From what I recall, there wasn’t much mention of modern-day scribes before 2015. Some of the first stuff I learned about them, outside of the Bible, came by way of Rick Joyner. Now, there are a plethora of prophecies flowing about today’s scribe. Still, I question if most know what one looks like, so this post intends to define the postbiblical scribe. But before looking at the present expression of one, let’s check out their biblical counterpart.

Who were the scribes? In scripture, the scribal trade typically passed down generationally. Many were priests or had some connection to the Levitical order. [1] Though their role was always important, over time their acclaim grew. They proved particularly valuable during Israel’s 70-year Babylonian captivity, as they were especially needed to preserve the heritage of this displaced community. In the New Testament, more of those without any priestly connections made their way into this profession and as their celebrity continued to rise, many esteemed their words above the Law of God. [2]

Photo by Brad Neathery on Unsplash

The role of a scribe. Biblical scribes were recorders or copyists, documenting, classifying, and preserving everything from the Holy Scriptures, history, legal documents, administrative letters, etc. As it relates to the written law, they were not only tasked with copying it but also interpreting and teaching it to others. Their knowledge, birthed through their intimacy with scripture, afforded them great understanding, power and authority.

While some copyists, preferred the solemn and quiet responsibility of a conventional scribe, others pursued work in government, became consultants, teachers, and lawyers even. Some scribes, like Baruch, served the prophets and published their words.[3]


The traits of a scribe.

• Scribes are students of Scripture, not only do they know it, but they have a high degree of understanding in it.

• Scribes have good memories. Most can easily recall scriptures, events, and the words of others. Remember scribes are recorders – I grew up being told I was a “tape recorder!”

• Scribes are skilled wordsmiths. They have a knack to easily recite and relay information, in written, vocal, and visual forms.

• Scribes are resourceful. They’re reservoirs and retainers of a comprehensive wealth of general knowledge.

• Scribes are meticulously detail oriented. The craft of accurately collecting, structuring/organizing, and recounting requires such skills.

• Scribes are scholars. Scribes diligently study to fully understand the material set before them, causing them to excel in the area of learning and teaching. They easily become masters and experts in the subjects they study and other areas of interests.

• Scribes are natural teachers. Don’t be annoyed by their desire to educate, inform, and share what they’ve learned. They aren’t know-it-alls or show-offs, teaching it’s simply a part of their temperament.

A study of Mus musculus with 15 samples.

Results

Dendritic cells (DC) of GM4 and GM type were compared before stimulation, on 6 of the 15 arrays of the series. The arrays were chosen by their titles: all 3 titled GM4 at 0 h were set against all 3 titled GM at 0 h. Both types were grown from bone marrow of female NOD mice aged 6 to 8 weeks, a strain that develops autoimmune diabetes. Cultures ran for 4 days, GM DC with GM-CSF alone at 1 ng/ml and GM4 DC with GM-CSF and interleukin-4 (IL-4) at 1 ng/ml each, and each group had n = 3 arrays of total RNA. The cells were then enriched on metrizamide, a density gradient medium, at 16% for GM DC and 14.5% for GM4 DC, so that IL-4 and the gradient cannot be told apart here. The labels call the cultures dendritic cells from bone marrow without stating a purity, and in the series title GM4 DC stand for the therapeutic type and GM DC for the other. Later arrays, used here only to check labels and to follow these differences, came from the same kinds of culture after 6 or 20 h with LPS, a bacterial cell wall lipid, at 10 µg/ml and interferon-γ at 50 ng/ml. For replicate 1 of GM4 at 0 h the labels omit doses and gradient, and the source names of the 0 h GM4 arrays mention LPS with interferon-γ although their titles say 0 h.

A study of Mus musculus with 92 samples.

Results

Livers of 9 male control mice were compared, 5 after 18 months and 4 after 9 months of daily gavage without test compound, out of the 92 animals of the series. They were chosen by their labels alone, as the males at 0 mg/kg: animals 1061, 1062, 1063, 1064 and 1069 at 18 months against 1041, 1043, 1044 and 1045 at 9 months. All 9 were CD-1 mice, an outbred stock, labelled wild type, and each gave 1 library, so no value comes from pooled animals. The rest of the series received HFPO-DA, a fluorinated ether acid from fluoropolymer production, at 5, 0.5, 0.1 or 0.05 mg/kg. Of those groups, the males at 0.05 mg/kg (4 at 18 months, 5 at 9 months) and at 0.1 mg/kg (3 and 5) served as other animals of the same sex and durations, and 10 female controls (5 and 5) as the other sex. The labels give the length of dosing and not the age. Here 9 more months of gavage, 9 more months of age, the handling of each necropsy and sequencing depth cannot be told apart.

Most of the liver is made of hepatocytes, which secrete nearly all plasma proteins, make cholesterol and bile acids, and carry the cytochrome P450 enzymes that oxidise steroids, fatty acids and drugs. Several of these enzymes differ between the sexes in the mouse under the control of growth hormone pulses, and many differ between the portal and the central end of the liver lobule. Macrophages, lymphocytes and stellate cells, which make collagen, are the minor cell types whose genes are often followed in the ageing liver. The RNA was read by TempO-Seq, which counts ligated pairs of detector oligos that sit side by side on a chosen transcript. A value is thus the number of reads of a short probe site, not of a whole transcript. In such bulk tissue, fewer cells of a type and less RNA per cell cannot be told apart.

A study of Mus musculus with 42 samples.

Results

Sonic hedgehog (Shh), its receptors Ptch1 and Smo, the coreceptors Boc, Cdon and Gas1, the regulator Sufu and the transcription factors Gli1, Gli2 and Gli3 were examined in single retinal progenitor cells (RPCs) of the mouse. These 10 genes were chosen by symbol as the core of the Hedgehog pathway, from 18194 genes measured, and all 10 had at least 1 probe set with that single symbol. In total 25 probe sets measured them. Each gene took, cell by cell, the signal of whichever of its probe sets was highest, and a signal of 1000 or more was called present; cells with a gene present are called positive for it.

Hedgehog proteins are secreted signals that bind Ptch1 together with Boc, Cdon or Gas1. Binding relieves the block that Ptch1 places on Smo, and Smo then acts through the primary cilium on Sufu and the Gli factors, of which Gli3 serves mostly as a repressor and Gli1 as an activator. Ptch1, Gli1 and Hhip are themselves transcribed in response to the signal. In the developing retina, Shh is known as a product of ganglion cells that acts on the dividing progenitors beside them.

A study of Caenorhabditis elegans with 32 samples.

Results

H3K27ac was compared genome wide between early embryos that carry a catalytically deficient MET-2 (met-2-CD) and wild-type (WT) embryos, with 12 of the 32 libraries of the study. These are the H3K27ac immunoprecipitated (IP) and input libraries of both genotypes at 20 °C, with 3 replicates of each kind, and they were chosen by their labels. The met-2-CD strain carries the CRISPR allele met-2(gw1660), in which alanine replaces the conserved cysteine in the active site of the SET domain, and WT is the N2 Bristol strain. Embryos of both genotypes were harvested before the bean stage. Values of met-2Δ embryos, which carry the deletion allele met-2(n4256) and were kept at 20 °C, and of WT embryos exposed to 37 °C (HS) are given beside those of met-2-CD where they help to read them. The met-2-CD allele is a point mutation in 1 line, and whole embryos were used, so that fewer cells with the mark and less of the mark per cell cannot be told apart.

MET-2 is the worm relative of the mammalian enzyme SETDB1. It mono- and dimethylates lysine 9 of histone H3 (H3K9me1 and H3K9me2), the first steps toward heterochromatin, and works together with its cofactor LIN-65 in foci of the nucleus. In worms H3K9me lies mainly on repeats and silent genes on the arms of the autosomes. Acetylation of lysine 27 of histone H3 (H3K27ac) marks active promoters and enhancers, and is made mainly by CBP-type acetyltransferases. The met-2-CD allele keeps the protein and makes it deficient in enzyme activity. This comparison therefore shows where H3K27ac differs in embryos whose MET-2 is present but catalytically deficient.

• Scribes are sage. The words of a scribe are full of wisdom. On September 30, 2016, @ 12:37 pm, I penned: Do you think the Lord would allow a scribe to labor over His word and not give revelation?

• Scribes make things plain. On January 13, 2017, at 12:43 pm the Lord told me “scribes make things palatable.” Meaning they make information (even the tough stuff) plain, understandable, and easy to digest.

Technical writers and Bible translators do this. Have you read the Bible’s Passion Translation? Dr. Brian Simmons is one the lead translators, and it passionately expresses God’s love plainly, by using fresh language in context with centuries-old text.


Potential jobs of interest for a scribe. Beyond the typical job of a writer, journalist, reporter, or theologian, I believe that some modern-day scribes are bible translators. Some are historians – recording the events of days past or legal writers – analyzing, editing, and writing legal documents.

Some are copywriters – writing and creating other marketing content to increase brand awareness. Others are editors and ghostwriters, skillfully crafting the words of another to improve readability or creating material altogether. Several postbiblical scribes are also secretaries and administrators – recording, retrieving, and organizing data.

Still, beyond that, I think many of them are bloggers, collectorsfilmmakers, videographers, and even sketch artists (think about the courtroom sketch artists).

In the digital age, a scribe isn’t confined to just writing, you see a scribe records and reports. And the means of doing that just isn’t with pen and paper…


Featured Photo by Brandi Redd on Unsplash


References
  1. www.biblegateway.com/resources/encyclopedia-of-the-bible/Scribe-Scribes
  2. www.biblegateway.com/resources/smiths-bible-names-dictionary/Scribes
  3. www.biblegateway.com/resources/encyclopedia-of-the-bible/Scribe-Scribes; www.biblegateway.com/resources/all-men-bible/Baruch


1 Comment

Brenda G Thomas · October 19, 2017 at 9:55 pm

This article was great!!! It gave a good amount of insight and depth to the loosely tossed around term Scribe.